Lykke Li - I Never Learn

by Calum Adams Rating:6.5 Release Date:2014-05-05

Lykke Li finishes her self-described trilogy of records with I Never Learn. It's been an anthology summing up the Swedish artist's 20s, which has moved from electro-pop to this overall more somber, paced record. Setting a completely different tone than previous works, the album delves into a much darker pop than we are used to seeing from Li.

Youth Novel brought us an alt-pop heroine who’s ability to write of her passion, her emotions and her fragility were equally matched by a skill in creating melodies which both surprised and charmed. Whether charismatic and catchy like ‘Dance Dance Dance’, or the more delicate and emotive ‘Time Flies’, Li let us know she had an apt ability to take us through her highs and lows with this quirky take on electro-pop.

Wounded Rhymes, her sophomore outing, proved Li knew how to use these experimental sounds on an even larger scale. No more or less pop than records past, tracks like ‘I Follow Rivers’ fit neatly into the artist’s catalogue. And while the album had more standout tunes than the last, perhaps its only flaw was being a very expected second album, much the same as the first, albeit more vocally promiscuous and musically creative.

With I Never Learn, however, all this has changed. Li has stripped away the light indie-pop melodies, the electro pomp and cheeky lyrics. This concluding work slows the pace right down, with more use of atmospheric sounds and pain-ridden vocals. At times the album feels like an storm-battered ocean, with swells of percussion which crash beneath striking keys, and an overall orchestral feel.

Yet there lies a real issue with the album as a whole, a distinct feeling that no matter what Li tells us, the album does play out like a ‘pop’ record. There are a few great tracks which highlight this new level of songwriting. ‘No Rest for the Wicked’ and ‘Just Like a Dream’ particularly show off the symphonic tone Li is capable of reaching, yet others such as ‘Never Gonna Love Again’ feel distinctly average for an artist we know can produce so much more.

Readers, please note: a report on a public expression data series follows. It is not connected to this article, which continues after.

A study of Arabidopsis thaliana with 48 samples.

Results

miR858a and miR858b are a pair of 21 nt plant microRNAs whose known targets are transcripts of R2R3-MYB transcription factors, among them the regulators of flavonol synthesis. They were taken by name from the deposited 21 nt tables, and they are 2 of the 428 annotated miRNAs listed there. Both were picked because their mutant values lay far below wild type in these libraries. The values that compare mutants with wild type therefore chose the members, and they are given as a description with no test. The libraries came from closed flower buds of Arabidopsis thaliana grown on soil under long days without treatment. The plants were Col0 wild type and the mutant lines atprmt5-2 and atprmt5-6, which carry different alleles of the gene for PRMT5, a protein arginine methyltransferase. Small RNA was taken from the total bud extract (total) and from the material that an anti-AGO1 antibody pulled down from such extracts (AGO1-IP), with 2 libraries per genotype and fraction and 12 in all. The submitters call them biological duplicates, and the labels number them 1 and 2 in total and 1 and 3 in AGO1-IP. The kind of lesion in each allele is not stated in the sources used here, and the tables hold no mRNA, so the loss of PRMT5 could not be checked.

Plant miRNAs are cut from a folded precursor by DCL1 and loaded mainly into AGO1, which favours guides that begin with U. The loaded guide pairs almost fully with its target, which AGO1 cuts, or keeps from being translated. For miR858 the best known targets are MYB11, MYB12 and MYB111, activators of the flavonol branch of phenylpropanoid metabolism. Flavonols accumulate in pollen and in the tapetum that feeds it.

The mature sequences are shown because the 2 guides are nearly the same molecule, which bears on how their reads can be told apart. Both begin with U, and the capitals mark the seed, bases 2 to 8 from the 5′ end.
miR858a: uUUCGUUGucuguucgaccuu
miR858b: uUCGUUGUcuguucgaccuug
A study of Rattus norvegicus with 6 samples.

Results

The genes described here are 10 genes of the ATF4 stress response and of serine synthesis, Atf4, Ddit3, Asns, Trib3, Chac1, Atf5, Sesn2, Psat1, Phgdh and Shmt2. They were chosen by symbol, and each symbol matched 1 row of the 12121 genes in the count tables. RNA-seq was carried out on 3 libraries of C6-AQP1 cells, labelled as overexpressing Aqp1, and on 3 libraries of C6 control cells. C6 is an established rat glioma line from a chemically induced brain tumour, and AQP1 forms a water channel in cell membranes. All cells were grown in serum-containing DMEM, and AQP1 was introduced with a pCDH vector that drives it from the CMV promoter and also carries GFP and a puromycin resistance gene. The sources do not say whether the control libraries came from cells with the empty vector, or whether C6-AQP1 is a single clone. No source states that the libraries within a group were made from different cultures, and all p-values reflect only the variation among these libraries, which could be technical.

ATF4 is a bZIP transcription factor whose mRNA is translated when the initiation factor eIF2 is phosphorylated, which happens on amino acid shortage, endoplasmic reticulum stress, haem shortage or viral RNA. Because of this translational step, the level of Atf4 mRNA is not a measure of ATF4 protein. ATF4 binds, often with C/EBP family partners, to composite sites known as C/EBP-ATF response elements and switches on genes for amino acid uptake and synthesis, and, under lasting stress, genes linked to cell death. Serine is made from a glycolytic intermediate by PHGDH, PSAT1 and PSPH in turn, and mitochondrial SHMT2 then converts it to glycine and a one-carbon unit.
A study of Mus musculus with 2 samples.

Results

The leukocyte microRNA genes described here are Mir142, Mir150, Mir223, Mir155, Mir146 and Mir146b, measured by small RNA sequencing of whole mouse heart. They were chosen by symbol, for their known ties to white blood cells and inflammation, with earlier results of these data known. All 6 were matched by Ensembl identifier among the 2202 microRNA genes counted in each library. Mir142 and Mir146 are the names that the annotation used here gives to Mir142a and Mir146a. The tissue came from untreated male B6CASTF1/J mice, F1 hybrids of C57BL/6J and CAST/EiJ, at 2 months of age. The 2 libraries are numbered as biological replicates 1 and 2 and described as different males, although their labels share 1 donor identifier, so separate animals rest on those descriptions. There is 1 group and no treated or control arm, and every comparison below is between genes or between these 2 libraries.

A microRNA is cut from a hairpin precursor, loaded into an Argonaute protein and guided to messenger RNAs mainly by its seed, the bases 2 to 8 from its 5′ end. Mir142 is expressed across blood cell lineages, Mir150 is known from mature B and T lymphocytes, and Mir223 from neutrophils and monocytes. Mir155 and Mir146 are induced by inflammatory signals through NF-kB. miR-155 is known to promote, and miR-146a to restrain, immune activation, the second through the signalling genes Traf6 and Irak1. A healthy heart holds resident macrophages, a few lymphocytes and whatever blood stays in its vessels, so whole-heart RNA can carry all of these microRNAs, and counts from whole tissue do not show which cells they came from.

We are not no denying that, lyrically, the artist has maintained an honest talent of letting us know where she emotionally. If you haven’t understood she is going through unremitting heartbreak by track two or three, you should really go back and start again. That said, you could be forgiven for not getting the full picture, with a few tracks suffering from the irritating fault of being vocally over-produced. It feels almost blasphemous to not let Li’s ability shine through, especially with it being Bjorn Yttling’s third outing producing her work.  

The album reaches a real soft-pop low with ‘Heart of Steel’, a track which could easily have you cringing as you listen. If this was a genuine attempt to be seen as a singer/songwriter, this one really should have been reconsidered. This is not to say it’s a bad song, simply that when put next to Li’s other works of art, and some really can be considered such, the track falls short. Furthermore, in an album promised to be full of grand ballads and moving scores, the track just feels lost.

Yet the album does have a lot working for it. When Li is good, she is remarkable. Providing some of her best music to date, never before have her lyrics felt so connected to her music. The video for ‘No Rest for the Wicked’ compliments this harmonizing ability. 

So, perhaps it is hard to hold up I Never Learn against her previous two works, as it stands so differently, for many reasons. Musically, the album enters an unknown for the Swedish artist. What the album does provide is a consistency in Li’s emotions, a clear story of her state at the time of writing, which holds the album together so well.

Finishing by letting us know "we’ll meet again", there is some reassurance that next time around, Lykke Li will hopefully bring together elements of old and new. We are left with the resounding feeling that, although this is a concluding chapter in Li’s trilogy, musically the artist is not yet finished expressing herself.